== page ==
There’s a post series over at link (awesome blog with lots of writing tips) that highlighted some of the biggest overused ploys in YA fiction. I thought I’d share that list with you guys, just for kicks 🙂 Original posts can be found here, here, and here (it’s a three-part series). Apparently the list was based off a book called Red Hair Is Not As Uncommon As You Think by Joelle Anthony. I find it interesting (and myself, guilty of a few).
1. Lab partners -where one person does all the work–often the geek who ends up being the love interest.
2. A poor girl who is a scholarship student in a fancy private school.
3. Main characters who are the only ones in the world without a cell phone.
4. Guys with gorgeous/stunning/flashing/jewel-like/piercing GREEN EYES (green is the new blue).
(Can anyone say Dylan from Maximum Ride, whose eyes are actually turquoise??)
5. Clumsy characters who can’t dance or play sports to save their lives.
(A literary version of myself.)
6. Characters that like retro music-generally of the era that the author was in high school.
7. Irresponsible parents, with main character who end up paying bills, cooking, cleaning etc.
8. Female characters obsessed with Jane Austen, and Elizabeth Bennet in general.
9. Main characters who hate math.
(If it’s YA fiction, and thus the characters are most likely teenagers… I don’t see how this one is the least bit unrealistic. If anything, I would think it would be ODD to have a protag that liked math, unless they were a rocket scientist or an abnormally nerdy nerd. Even I don’t like math!)
10. A main character with only one good friend. The plot almost always includes the compulsary argument scene, leaving her to eat lunch alone for weeks–usually in the library.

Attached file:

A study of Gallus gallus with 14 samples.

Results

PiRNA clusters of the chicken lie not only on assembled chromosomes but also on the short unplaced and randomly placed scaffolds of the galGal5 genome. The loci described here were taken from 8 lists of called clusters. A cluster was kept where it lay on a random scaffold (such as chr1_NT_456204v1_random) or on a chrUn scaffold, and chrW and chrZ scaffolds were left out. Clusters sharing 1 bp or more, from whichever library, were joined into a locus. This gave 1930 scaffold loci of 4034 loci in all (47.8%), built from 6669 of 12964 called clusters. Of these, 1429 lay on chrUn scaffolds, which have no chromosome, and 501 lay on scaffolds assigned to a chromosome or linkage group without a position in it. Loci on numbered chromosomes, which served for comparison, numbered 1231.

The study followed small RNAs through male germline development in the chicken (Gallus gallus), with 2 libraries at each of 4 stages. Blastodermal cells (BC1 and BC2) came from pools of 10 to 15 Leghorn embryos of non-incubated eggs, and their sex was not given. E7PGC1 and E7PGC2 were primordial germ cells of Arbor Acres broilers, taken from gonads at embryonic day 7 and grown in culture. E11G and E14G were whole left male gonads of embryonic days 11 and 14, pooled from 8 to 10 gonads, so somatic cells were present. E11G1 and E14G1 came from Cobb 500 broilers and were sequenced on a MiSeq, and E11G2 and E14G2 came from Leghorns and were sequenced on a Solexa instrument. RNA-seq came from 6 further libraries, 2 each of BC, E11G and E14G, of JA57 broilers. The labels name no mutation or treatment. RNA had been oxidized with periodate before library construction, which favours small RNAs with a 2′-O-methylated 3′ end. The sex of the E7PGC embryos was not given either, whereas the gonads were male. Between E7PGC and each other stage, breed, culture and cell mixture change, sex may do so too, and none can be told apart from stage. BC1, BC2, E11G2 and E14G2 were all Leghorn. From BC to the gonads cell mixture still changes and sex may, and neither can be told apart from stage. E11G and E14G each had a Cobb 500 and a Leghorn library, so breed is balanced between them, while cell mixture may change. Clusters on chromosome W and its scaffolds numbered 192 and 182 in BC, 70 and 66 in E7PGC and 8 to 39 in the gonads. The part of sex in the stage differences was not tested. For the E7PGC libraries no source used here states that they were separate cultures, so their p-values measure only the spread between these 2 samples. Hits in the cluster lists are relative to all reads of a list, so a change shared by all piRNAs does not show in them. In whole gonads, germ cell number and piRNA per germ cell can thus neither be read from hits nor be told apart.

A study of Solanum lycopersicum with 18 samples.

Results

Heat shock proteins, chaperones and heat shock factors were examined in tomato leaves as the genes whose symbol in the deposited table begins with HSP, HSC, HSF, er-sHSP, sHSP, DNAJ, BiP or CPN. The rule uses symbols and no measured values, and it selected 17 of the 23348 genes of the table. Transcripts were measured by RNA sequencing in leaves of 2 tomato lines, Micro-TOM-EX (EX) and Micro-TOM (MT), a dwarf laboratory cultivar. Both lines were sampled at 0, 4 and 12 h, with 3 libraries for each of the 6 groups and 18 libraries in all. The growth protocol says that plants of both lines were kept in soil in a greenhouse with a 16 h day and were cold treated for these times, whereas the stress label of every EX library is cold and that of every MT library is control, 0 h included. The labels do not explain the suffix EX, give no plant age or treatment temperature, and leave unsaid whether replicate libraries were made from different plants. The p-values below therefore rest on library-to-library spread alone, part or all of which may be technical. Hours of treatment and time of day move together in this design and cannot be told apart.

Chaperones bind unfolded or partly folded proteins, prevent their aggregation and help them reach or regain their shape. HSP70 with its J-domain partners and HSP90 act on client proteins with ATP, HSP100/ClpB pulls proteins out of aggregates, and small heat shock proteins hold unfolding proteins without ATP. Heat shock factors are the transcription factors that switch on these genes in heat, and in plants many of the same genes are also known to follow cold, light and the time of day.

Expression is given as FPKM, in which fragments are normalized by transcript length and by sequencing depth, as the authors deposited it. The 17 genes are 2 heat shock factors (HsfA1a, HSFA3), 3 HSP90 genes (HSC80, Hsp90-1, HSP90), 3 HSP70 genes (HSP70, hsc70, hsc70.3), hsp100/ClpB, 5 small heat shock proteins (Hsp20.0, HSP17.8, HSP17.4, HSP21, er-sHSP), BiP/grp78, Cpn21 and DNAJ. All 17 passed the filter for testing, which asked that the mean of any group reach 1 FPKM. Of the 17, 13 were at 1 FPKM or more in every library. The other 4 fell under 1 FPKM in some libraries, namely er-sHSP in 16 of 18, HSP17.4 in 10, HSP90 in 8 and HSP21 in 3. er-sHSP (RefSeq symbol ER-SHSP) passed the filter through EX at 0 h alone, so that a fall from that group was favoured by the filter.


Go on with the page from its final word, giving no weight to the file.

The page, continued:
11. Really hot, young-looking moms-often portrayed as main character’s best friend.
(Um, I’ve never really read this before… Unless you could Percy Jackson? Sort-of?)
12. Book told in first person, and the description for the main character is given by having her examine herself in the mirror.
(Oh snap. I did this in my most recent novel– oops! *editing FTW*)
13. Gorgeous, popular younger sisters (used to be older sisters).
14. Tomboys who can’t sew or cook, and hate dresses (also very common in historical and MG novels).
(Again, YA lit apparently doesn’t like characters based off myself.)
15. Authors who work vocabulary words into the dialogue and then pass them off as knowledge the characters have because the words are on the SAT list.
That’s the list. I’m not sure if I necessarily agree with all of them, but maybe that’s my way of facing the guilt that I have some serious editing to do, XD.
On another note, is anyone else excited that The Guild has officially been renewed for Season 5? (Not that we had any doubts, with last season’s semi-cliffhanger =P). I’m really looking forward to it. Zaboo is probably my favorite character, but there’s much to be said for Codex and her last-ditch efforts to unite the roleplaying geeks IRL.
The new Maximum Ride installment, Angel, came out today. I started it after school and finished before dinner, but it was a massive disappointment. After book four the series started to go downhill, but this hit a new low. It was so repetitive of the other books and itself, that I just read as fast as possible to get it over with so I could keep reading Phantom of the Opera. Not going to give any spoilers, for those of you who love(d) the series, but I’m majorly disappointed in James Patterson. His original, kick-butt characters have been replaced by the cast of a Spanish soap opera.
There’s a sense of “JUST PICK ONE ALREADY” that I felt a little in The Hunger Games, and just from the Twilight craze, but this is ridiculous. Max is torn between her ex-boyfriend and the boy she’s shunned for months.
Why is this even a decision?? Dump them both and kick world-domination butt. *nods*
Pardon the rant. I’m starting a psychological thriller by Ted Dekker (heck yeah!), so I don’t think “boring” will be a problem.